New law stops access for press, not political operatives.

Gov. Ron DeSantis signed into law a public records exemption for much of the personal information in voter registration files.

The legislation (HB 281) provides an exemption for information such as prior felony convictions, especially important in the wake of Amendment 4.

That constitutional amendment allows for an automatic restoration of voting rights following completion of a sentence and payment of restitution.

But that means elections supervisors statewide will not keep in voter files whether individuals have committed felonies and now have their rights restored.

The legislation also includes exemptions for information about minors who register to vote prior to they become adults.

But the legislation, filed by St. Johns Republican Cyndi Stevenson, also would retract information now part of the public record like phone numbers and addresses of voters.

Any type of exemption of public records requires at least two thirds of lawmakers to vote in favor of a bill to pass. Initially, Senate language failed in the Senate, but it later came back for consideration and passed.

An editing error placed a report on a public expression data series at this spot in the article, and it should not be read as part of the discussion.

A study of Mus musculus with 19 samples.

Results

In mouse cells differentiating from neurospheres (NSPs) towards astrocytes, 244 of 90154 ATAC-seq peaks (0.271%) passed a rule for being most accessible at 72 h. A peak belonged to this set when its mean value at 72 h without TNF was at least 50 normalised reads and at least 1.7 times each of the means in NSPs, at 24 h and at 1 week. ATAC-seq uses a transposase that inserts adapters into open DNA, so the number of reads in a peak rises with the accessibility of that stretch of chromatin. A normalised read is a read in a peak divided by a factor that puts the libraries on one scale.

That means press will no longer have access to information, but exemptions were made so political committees and parties still will. Those entities use voter rolls for campaigning purposes to identify supervoters and target them with campaign mailers.

The legislation had the support of elections supervisors.

Paul Lux, president of the Florida State Association of Supervisors of Elections, said it’s wrong for such information to be available now. He noted a website owner in New England routinely pulls all voter records in the state and publishes them online.

“The reason he does this, according to what he writes on his website, is because he can,” Lux said. “That shouldn’t happen.”

Add in modern concerns about identity theft and new elections reforms that require more identity verification by voters and Lux said the exemption was inevitable. Otherwise, voters may just stop even participating in the process for fear their personal information will be exposed.

Written By

Jacob Ogles has covered politics in Florida since 2000 for regional outlets including SRQ Magazine in Sarasota, The News-Press in Fort Myers and The Daily Commercial in Leesburg. His work has appeared nationally in The Advocate, Wired and other publications. Events like SRQ’s Where The Votes Are workshops made Ogles one of Southwest Florida’s most respected political analysts, and outlets like WWSB ABC 7 and WSRQ Sarasota have featured his insights. He can be reached at jacobogles@hotmail.com.